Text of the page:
Monday, December 10, 2007

Mortgage Rates Lowest Since 2005, Increase in Mortgage Applications Highest Since 2004

Dec. 5 (Bloomberg) -- Mortgage applications in the U.S. jumped last week by the most in more than three years, led by a surge in refinancing as long-term interests rates dropped to two-year lows, according to this press release from the Mortgage Bankers Association (see chart above, 30-year fixed rates are the lowest since mid-October 2005).

The Mortgage Bankers Association's index of applications to buy a home or refinance a loan increased 22.5% to 791.8, the highest level since July 2005. Refinancing surged 32 percent and purchases rose 15 percent.

The biggest drop in 30-year fixed mortgage rates since 2003 may have convinced owners it was a good time to refinance, at a time when outstanding adjustable loans are resetting higher.

Bottom Line: Despite all of the gloom and doom we hear about the mortgage and credit markets (for example, see today's front page WSJ article "U.S. Mortgage Crisis Rivals S&L Meltdown"), reality and the data paint a much brighter picture.


10 Comments:

At 12/10/2007 9:22 AM, Anonymous holymoly said...

"reality and the data paint a much brighter picture"

You mean the reality that you live in and the data you choose to portray.

What irks me about you, Mr. Perry, is your distinctly non-academic approach to economics. You ignore any data that doesn't make your case. You never ask tough questions about the data collection and/or variable definitions behind data that supports your case.

In my opinion, you'd have made a better lawyer than professor.

 
At 12/10/2007 9:29 AM, Blogger Walt G. said...

holymoly,

Do you have specific examples or data to bolster your argument? Attacking a person is a weak way to make your point.

 
At 12/10/2007 10:39 AM, Anonymous Anonymous said...

walt g.,

I'm sure holymoly can give you examples but I will also try by giving specific examples from the same article that Dr. Perry "cherry picked."

And I quote...

"economists have played down the significance of the MBA data because some borrowers are filing more applications after lenders made it tougher to get loans"

Increasingly desperate borrowers and potential borrowers filing multiple applications in a tightening credit market is not necessarily an indication of any improvement.

The survey only includes retail lenders, which have probably seen an increase in business as many wholesale brokers closed their doors following the subprime turmoil.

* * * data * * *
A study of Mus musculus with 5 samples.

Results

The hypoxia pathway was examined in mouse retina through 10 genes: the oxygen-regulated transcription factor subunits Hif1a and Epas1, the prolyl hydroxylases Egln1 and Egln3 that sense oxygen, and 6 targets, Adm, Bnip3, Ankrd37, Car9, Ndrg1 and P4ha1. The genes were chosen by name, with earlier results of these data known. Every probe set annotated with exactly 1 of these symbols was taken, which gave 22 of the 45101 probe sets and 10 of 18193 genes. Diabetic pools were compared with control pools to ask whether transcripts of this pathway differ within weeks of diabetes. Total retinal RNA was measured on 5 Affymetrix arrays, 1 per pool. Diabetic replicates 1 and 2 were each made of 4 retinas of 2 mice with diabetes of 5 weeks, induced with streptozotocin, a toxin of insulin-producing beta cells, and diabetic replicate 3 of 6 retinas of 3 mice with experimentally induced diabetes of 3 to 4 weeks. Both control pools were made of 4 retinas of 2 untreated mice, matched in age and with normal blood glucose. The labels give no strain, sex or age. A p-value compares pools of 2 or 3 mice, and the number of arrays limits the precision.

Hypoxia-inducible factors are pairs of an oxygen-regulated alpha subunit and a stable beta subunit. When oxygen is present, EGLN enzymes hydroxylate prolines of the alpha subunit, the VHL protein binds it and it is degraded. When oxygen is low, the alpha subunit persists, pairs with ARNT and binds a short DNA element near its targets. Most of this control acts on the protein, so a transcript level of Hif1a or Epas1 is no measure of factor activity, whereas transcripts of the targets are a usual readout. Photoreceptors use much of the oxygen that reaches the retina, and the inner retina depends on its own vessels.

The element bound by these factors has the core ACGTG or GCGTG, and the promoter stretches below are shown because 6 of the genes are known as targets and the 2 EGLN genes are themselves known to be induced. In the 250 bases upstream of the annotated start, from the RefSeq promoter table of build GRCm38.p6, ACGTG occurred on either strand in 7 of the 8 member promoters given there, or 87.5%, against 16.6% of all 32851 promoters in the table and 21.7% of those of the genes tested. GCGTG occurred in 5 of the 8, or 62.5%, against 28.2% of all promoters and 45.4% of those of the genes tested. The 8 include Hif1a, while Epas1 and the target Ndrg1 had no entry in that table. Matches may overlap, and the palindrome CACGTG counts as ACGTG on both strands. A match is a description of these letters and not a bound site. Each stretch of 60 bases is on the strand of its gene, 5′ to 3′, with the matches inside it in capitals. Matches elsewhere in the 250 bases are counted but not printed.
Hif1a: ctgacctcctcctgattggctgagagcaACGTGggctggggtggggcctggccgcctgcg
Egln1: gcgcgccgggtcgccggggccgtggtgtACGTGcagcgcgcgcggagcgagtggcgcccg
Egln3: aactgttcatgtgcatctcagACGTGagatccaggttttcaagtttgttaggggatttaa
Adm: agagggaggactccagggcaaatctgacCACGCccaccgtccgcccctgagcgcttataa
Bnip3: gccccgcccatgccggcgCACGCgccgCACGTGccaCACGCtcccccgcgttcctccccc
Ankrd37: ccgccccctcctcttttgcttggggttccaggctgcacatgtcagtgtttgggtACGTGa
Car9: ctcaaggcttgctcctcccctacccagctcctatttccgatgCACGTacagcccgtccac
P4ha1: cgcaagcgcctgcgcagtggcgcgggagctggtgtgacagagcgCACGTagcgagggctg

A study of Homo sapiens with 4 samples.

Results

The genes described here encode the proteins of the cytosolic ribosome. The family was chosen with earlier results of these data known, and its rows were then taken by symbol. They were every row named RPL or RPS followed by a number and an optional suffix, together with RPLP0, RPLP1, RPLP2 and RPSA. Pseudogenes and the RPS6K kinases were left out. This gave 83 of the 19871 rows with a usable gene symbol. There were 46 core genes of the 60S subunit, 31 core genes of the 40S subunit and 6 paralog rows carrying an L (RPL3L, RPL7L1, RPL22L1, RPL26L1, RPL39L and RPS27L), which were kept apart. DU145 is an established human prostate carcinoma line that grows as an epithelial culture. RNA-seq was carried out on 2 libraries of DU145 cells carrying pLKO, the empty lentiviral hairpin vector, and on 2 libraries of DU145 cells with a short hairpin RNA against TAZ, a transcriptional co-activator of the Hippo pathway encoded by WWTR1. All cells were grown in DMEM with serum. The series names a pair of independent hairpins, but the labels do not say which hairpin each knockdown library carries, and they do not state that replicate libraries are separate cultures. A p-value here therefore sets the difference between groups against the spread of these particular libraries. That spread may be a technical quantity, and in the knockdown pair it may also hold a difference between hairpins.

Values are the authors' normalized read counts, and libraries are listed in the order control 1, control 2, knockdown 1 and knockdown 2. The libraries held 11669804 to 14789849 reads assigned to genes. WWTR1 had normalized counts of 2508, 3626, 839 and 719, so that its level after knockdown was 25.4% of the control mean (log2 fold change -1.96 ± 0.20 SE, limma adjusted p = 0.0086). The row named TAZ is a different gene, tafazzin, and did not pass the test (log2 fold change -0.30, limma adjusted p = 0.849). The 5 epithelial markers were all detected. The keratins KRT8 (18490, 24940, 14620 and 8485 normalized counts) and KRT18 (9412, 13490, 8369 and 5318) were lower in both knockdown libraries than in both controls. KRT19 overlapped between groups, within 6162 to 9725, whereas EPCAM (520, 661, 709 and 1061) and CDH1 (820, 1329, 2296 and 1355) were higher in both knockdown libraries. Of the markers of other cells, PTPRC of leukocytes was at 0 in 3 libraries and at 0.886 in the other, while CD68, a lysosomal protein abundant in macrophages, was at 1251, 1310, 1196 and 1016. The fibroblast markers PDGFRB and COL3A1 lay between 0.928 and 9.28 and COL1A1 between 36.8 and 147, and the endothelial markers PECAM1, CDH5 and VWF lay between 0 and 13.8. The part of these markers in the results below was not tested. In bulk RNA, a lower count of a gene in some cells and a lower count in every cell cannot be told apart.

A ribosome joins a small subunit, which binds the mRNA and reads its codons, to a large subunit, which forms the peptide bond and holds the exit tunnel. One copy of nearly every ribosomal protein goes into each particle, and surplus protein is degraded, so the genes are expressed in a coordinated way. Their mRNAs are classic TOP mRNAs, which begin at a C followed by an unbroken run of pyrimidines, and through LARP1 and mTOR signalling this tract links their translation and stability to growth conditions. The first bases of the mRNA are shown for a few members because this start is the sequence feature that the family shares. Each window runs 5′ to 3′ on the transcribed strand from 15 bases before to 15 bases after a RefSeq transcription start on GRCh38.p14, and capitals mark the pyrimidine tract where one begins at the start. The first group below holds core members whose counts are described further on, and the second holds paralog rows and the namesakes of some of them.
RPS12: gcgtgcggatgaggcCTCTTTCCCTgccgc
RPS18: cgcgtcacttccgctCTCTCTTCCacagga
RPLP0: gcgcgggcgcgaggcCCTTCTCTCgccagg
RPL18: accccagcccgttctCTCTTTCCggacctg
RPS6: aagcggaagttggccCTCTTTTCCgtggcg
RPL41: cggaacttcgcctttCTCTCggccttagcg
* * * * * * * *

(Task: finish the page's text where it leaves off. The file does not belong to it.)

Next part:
This survey uses data that isn't even directly comparable to previous data.

Also, the report counts all applications, even those that are ultimately rejected, and some borrowers submit multiple applications.

This is another way of saying that a potential borrower or someone wanting to refinance who submits 10 applications (even to the same lender) would be counted in the survey as 10 applications.

"This looks like it's going to be the deepest correction of any housing correction since World War II, and the question really is, `What's the duration, how long will it be?"

Dang, that sounds potentially serious.

"The Washington-based Mortgage Bankers Association's loan survey, compiled every week since 1990, covers about half of all U.S. retail residential mortgage originations."

The subject survey does not provide complete data and can not be depended upon to draw conclusions about what the market is doing.

 
At 12/10/2007 1:23 PM, Anonymous Anonymous said...

What about the mortgage delinquency rate rising to a 21 year high for both prime and subprime loans? Seems strong to me!

 
At 12/10/2007 1:58 PM, Blogger Rick Ballard said...

The MBA puts out a report using the same methodology every week and has done so since 1990. It's really a tough well to poison - unless there is another weekly survey that does provide "complete data" on a weekly basis.

A focus on doomboy analysis may cause one to miss a turn. It isn't as if housing is a want that can be indefinitely postponed.

 
At 12/10/2007 4:08 PM, Anonymous Anonymous said...

rick ballard, the survey does not include wholesale brokers and an increase in retail broker activities could be due to fewer wholesale brokers being active.

No one is trying to put forth a "doomboy" analysis but when so-called experts leave out important data that doesn't support their goldilocks fantasy some of us like to point that out.

 
At 12/10/2007 6:22 PM, Blogger Rick Ballard said...

The MBA survey is what it is - it hasn't changed methodology and the Bloombereg article had enough "on the other hand she had a wart" hedging to cover the entire waterfront.

Where might one find a weekly report which includes 100% of the market? Do you think that weathermen in Miami should include caveats concerning the weather in Minneapolis when they make their local weather reports? Just to be "professional" about it?

 
At 12/10/2007 8:08 PM, Anonymous Anonymous said...

Really appreciate the data you supply on your blog and your clear headed analysis of that data. Keep it up!

 
At 12/10/2007 11:49 PM, Anonymous Anonymous said...

It will be interesting to see what actually happens. There are so many pundits preaching doom and recession. Anything that looks like good news such as increased exports, low unemployment, strength in many sectors of the economy, etc. is summarily dismissed.

 
At 12/10/2007 11:59 PM, Anonymous Sevan Claig said...

Critisize all you want, but cover those shorts by June.